GREENSBORO, N.C. — Johnny Reid Edwards, a honey-voiced North Carolina lawyer who parlayed his boyish good looks and inspiring personal history as the son of a mill-worker into a meteoric political rise, was acquitted of one count Thursday in a corruption case, as the judge declared a mistrial on five other charges on which the jury was deadlocked.
Edwards emerged from the courthouse with his daughter and parents by his side to deliver remarks that sounded more like repentance than triumph. He lamented his “sins” and said he would not have to go far to find who is responsible. “I don’t have to go any further than the mirror,” he said. “It’s me and me alone.”
Edwards made no mention of Rielle Hunter, the videographer he had carried on a torrid affair with during his 2008 presidential campaign. But his voice cracked with emotion when he spoke of the child she bore him, “my precious Quinn, who I love more than any of you could ever imagine.”
And he suggested there might be a future for him in public life, citing his concerns about poverty, the signature issue of his failed campaign. “I don’t think God is through with me.”
The mixed result in a trial that laid bare Edwards’s sexual indiscretions and serial deceptions came after nine days of jury deliberations.
In four weeks of testimony, Edwards was portrayed by a parade of witnesses as a scheming and manipulative politician, but at least some jurors remained unconvinced that he orchestrated an elaborate conspiracy to secretly funnel nearly $1 million that should have been declared as campaign contributions to his mistress and the aides who helped him hide an extramarital affair during the 2008 presidential campaign.
When the decision was read by the clerk, Edwards’s face betrayed no emotion, but he slumped back in his chair. Moments later, he turned to his parents, Wallace and Bobbie Edwards, and they smiled at him broadly.
When the jury left the courtroom, Edwards rose and leaned across the bar in a long embrace with his daughter, Cate Edwards, who has been in the courtroom almost every day through a grueling trial.
That embrace was followed by another long hug with his parents, tears welling in his aging mother’s eyes. Asked how he felt, Wallace Edwards pointed at his smile. “This says it all,” he said. Bobbie Edwards, in a voice trembling with emotion, added, “We prayed for this, so God has answered our prayers.”
The only count that the jury reached a verdict on dealt with $200,000 in payments from Virgina heiress Rachel “Bunny” Mellon that were deposited after Edwards dropped out of the 2008 presidential race. Prosecutors failed to persuade jurors that the payments should be considered campaign contributions because Edwards was angling to become the Democrat’s vice presidential nominee or be tapped as attorney general or Supreme Court justice.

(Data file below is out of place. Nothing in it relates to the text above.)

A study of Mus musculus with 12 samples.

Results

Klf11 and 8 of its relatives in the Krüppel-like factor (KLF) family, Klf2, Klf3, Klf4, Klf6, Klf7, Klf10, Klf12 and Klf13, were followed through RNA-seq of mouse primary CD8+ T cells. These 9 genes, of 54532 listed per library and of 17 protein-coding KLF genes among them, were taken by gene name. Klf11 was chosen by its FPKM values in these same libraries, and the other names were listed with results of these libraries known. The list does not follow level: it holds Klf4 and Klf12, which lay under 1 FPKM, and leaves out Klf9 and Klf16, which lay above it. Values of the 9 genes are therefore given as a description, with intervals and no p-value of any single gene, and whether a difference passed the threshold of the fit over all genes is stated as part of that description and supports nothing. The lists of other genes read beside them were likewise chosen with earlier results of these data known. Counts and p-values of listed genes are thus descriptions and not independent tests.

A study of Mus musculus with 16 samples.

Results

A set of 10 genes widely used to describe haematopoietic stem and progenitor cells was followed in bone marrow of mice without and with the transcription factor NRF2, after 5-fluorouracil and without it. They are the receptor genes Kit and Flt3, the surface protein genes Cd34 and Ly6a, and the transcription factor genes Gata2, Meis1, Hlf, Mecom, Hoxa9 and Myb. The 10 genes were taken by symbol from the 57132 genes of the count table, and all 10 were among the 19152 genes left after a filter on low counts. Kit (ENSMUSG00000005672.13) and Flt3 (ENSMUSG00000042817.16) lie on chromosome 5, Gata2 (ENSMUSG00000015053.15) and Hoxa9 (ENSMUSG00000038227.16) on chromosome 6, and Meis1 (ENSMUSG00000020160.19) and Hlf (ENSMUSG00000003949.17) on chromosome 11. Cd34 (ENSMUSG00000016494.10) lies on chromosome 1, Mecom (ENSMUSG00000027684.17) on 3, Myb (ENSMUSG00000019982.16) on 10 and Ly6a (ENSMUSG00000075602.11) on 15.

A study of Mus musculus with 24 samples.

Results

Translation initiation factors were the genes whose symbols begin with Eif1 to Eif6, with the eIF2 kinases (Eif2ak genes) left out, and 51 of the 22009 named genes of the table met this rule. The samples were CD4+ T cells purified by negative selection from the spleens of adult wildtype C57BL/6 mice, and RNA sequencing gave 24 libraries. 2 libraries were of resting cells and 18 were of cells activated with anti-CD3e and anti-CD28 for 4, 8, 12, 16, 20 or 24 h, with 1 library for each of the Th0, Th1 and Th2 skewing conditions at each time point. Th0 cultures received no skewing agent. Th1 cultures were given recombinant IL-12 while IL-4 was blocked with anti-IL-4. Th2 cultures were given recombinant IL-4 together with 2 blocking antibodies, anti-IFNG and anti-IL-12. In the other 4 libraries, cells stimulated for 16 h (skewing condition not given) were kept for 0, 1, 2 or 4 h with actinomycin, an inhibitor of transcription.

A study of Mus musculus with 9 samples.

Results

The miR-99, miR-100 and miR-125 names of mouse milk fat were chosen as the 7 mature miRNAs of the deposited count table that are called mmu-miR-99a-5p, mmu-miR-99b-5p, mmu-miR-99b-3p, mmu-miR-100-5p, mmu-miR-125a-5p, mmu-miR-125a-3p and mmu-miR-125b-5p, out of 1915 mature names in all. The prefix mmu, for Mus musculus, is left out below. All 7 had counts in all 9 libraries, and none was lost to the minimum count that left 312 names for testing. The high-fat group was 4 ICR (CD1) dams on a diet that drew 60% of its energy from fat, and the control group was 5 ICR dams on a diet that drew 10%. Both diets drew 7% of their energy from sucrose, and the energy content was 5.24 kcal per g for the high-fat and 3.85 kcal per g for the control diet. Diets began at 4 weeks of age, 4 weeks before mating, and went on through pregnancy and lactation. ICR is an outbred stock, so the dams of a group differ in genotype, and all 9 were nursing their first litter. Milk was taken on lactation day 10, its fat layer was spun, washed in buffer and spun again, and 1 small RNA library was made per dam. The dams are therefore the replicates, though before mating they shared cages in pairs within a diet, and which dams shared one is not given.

The verdict and the mistrial on the other charges represents some measure of vindication for Edwards who has suffered through a long, slow tumble from grace after revelations in 2008 of the extramarital affair he tried to conceal during his 2008 presidential campaign. But it’s still unlikely to rehabilitate the irretrievably tarnished legacy of a political star who came within a few swing states of ascending to the vice presidency in 2004 when he was the running mate of presidential nominee Sen. John Kerry (D-Mass.)
Edwards, a 58-year-old Democrat who served one term in the U.S. Senate, has become such a pariah here that many of his closest friends and supporters have cut off ties with him. During many days of the trial, his 30-year-old daughter Cate was the sum total of his support network inside the court, though his elderly parents also spent considerable time there in the final days of testimony.
Edwards’s downfall can be traced back to a chance 2006 encounter in a New York hotel with Rielle Hunter, an eccentric videographer who walked up to him, said, “You’re so hot,” and handed him a business card that read: “Rielle Hunter: Being is free.” Edwards and Hunter soon began an affair, which Edwards continued even after it was discovered by his wife, Elizabeth Edwards, who was battling the cancer that took her life in 2010.
Elizabeth Edwards was so consumed and pained by her husband’s lies that she demanded phone records from campaign staffers to see whether he was calling Hunter and scoured financial records. Because of his wife’s suspicions, Edwards—who became wealthy as a trial lawyer before entering politics—was unable to use his personal fortune to hide the affair, prosecutors said.